Friday, December 13, 2019

Catch and Release Mortality

No question, more and more recreational striper fishermen are releasing their catch these days.  Yes, it could be those tons of schoolies that you have to release if you are fishing for them.  But, even those fishermen catching small keepers are releasing larger fish.  For the most part, the recreational fishing community has really embraced catch-and release striper fishing as a means of protecting what we have out there.
A keeper is "swished around" in the water
before being released. Studies indicate the catch-
and-release mortality rate for recreational
fishermen is 9 %. There are many things you
can do to reduce that.
However, is this working? The ASMFC (Atlantic States Marine Fisheries Commission) came out with a study that indicated the mortality rate of stripers released is 9%.  Yes, they are saying just about 1 in 10 stripers you release will die. Other mid Atlantic states have done similar studies that conclude everything from 6% to 8%, all pretty much in line with the ASMFC numbers. None of these studies tell how these numbers are reached.  I am just guessing they are looking at every fish caught, no matter how the means, putting it altogether and that's what comes out.
Here are a few facts that we do know. The survivability of released stripers depends on two factors, physical injury and stress.  I would also add mishandling.  Physical injury could be a deep hooked fish (swallowed the bait), hook in the gills, etc.  Stress could be caused by a number of factors including too long of a fight on light tackle, warm water, low salinity and fish out of the water for too long a period of time.
Most of these studies cite bait fishing as the major culprit.  Anyone who has fished with bait on standard hooks for stripers knows that stripers will generally swallow a bait, thus the deep hook problem. Studies cite mortality rate as high as 50% when using bait. That's one reason why we will all be using circle hooks in the coming years (next year in MA) when fishing bait. I can tell you that circle hooks are better for catch-and-release than traditional hooks, but you will still gut hook a number of fish if you let them really take the bait. Other culprits that some of these studies touch on are treble hooks especially small ones on small plugs.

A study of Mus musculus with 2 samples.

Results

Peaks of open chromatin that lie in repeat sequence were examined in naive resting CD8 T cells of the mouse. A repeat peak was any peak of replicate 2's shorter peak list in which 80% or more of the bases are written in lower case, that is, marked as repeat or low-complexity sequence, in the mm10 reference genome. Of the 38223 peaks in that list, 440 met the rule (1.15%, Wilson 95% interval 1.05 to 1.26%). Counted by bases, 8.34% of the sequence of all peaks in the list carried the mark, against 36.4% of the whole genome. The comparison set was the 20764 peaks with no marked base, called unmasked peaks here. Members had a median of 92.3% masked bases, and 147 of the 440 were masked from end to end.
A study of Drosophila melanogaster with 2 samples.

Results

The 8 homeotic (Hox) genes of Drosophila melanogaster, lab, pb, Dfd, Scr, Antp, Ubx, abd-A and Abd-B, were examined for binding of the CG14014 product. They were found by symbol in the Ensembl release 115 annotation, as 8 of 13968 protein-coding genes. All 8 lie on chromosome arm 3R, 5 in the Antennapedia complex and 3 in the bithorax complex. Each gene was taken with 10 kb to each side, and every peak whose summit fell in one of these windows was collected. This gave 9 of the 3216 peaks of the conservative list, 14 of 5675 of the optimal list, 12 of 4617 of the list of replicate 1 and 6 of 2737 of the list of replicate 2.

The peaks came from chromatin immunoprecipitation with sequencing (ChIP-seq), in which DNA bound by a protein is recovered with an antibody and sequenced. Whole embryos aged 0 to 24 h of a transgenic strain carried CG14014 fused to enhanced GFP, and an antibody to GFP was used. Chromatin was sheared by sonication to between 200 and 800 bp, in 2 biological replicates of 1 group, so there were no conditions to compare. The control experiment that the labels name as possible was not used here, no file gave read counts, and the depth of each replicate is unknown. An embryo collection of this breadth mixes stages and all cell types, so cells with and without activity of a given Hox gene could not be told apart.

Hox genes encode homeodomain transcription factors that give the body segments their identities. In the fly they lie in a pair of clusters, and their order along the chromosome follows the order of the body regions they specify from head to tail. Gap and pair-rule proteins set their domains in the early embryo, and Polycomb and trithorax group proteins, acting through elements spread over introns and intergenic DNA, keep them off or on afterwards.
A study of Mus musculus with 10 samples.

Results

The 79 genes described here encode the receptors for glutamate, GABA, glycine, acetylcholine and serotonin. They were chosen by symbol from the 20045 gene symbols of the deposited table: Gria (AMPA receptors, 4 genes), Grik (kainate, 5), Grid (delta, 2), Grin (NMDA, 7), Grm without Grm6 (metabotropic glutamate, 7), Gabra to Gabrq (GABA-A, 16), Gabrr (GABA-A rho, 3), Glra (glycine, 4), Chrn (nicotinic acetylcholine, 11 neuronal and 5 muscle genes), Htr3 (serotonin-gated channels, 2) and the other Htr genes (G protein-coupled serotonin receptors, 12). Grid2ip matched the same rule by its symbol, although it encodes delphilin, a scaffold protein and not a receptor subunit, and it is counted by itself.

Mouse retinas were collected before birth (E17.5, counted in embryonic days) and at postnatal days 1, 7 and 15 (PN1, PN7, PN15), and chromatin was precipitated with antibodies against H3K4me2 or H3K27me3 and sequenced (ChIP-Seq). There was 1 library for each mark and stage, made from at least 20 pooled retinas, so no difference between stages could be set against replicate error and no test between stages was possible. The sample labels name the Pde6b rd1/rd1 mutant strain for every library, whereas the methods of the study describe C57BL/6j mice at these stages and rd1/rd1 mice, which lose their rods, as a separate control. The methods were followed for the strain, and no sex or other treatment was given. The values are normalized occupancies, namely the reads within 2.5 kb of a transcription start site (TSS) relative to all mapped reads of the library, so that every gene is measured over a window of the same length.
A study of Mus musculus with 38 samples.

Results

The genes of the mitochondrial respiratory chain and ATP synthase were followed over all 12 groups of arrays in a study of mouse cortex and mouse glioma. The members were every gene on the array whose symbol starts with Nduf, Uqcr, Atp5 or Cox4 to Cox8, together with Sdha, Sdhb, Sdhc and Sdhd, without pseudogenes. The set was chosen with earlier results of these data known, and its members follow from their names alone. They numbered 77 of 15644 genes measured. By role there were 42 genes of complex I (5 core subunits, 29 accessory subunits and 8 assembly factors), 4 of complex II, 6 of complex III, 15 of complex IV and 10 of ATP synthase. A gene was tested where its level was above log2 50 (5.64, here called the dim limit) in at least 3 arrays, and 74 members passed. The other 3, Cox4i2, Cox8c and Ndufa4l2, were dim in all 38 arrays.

I wanted to check out these mortality rates for myself, so I did my own informal study on my own catch-and-release practises.  Though my samples were small, they were revealing. Of the last 200 stripers I caught on a jig, I had one badly hooked bleeder, one fish that had some blood, but not much and one fish that I dropped into the jetty rocks when lifting it (hit water, but not sure it survived). All the other fish were not badly hooked and were released in good shape. So, using a jig, that mortality rate for me was 1% to 1.5%.  Makes sense since the jig is a lure that rides upright in the water and generally hooks the fish in the upper jaw or around the lip area.
I also kept track of my bait fishing (don't do this often, but did it for a period at the Canal).  I was using squid on an inline circle hook and hitting the fish as soon as they took the bait.  In a two day stint, I landed 25 stripers on squid. I had only one bad hook-up from a fish that came in on me that I let take the bait for too long. That fish swallowed the hook, and while I did get it out, there was considerable blood. I'm assuming that fish died. So, the mortality rate with my circle hook and a small sample of fish amounted to 1 fish in 25 or 4%.
Finally, I was keeping track of the fish I was catching in the Bay in September.  I was using at times a small plug, a Jumpin' Minnow with two sets of trebles in which I crushed the barbs. Of the 25 fish I landed in one week on this plug, I had two "bad" hook-ups in which the hooks were embedded in the gill which resulted in blood. I am assuming those two fish did not make it, although they swam away. So, the mortality rate on a small, treble hooked plug (again, a small sample) amounted to 2 in 25 or 8%.
My own informal study told me what many anglers already know.  Jigs are your best bet to use if you plan to release the fish you catch, circle hooks help, but will still account for higher mortality rates if you let the fish really take the bait, and small treble hooked plugs will do the most damage whether you crush the barbs or not.
As far as stress, I noted no stressed fish since I landed most of my fish in the colder water of spring and fall and released them quickly.  In addition, I generally unhooked my summer fish in the water, a good practice in the warmer months of the year.